Although we don't believe in timing the market or panicking over market movements, we do like to keep an eye on big changes -- just in case they're material to our investing thesis.

What: Shares of the clinical-stage biopharma Heron Therapetics (NASDAQ:HRTX) climbed by 15% on heavy volume today. The apparent catalyst behind this double-digit move is the news that hedge fund manager Kevin C. Tang, who is the Chairman of the Heron's Board Directors, bought a decently sized chunk of shares. Over the prior three trading sessions, Tang reportedly purchased 150,000 shares at prices ranging from $19.30 to $23.84.  

So what: This largish insider buy comes on the heels of the company's positive top-line data release for its drug Sustol's pivotal late-stage trial called "MAGIC", where the drug was shown to be an effective treatment for chemotherapy-induced nausea and vomiting after administration of highly emetogenic chemotherapy agents.

As the drug is now barreling toward a regulatory filing by mid-year and a possible approval in the first-quarter of 2016, the Street seems to think that this insider activity is a good indication that the drug should live up to its lofty commercial expectations. 

Now what: Heron is expected to file for approval with the Food and Drug Administration this month, meaning that a commercial launch could take place early next year. The key issue to understand is that industry experts believe Sustol has the potential to reach blockbuster status within the next decade, especially as it appears to be more effective than the current market leader Aloxi.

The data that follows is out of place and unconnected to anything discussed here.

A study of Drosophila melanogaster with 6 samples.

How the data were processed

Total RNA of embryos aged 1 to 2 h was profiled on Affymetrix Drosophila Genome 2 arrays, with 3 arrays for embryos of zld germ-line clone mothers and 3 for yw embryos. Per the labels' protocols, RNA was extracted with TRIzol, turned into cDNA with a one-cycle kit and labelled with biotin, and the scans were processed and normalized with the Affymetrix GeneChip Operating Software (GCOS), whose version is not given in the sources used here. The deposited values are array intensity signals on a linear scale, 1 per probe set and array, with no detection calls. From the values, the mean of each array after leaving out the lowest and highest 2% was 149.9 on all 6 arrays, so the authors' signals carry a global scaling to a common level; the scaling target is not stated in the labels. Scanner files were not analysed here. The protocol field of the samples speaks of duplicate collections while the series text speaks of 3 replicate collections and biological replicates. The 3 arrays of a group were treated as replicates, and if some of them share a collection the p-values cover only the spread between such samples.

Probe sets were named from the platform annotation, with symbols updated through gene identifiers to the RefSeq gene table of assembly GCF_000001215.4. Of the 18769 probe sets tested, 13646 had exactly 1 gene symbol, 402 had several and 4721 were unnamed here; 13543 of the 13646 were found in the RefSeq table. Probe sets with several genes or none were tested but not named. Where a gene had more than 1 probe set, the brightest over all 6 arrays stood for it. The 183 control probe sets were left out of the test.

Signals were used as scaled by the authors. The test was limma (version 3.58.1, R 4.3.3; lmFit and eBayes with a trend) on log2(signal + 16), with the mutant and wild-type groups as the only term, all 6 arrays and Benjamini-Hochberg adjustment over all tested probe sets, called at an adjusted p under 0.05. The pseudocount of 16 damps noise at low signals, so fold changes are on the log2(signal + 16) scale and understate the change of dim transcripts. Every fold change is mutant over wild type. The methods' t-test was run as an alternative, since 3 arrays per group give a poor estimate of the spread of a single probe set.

That said, Heron has proven itself to be lacking in how it handles regulatory applications, given that Sustol was rejected twice before for "manufacturing issues and data analysis problems". In short, investors shouldn't count their chickens before they're hatched in terms of a regulatory approval. After all, this drug appeared to be "de-risked" before on two occasions, only to later leave investors wondering what happened. 

This article represents the opinion of the writer, who may disagree with the “official” recommendation position of a Motley Fool premium advisory service. We’re motley! Questioning an investing thesis -- even one of our own -- helps us all think critically about investing and make decisions that help us become smarter, happier, and richer.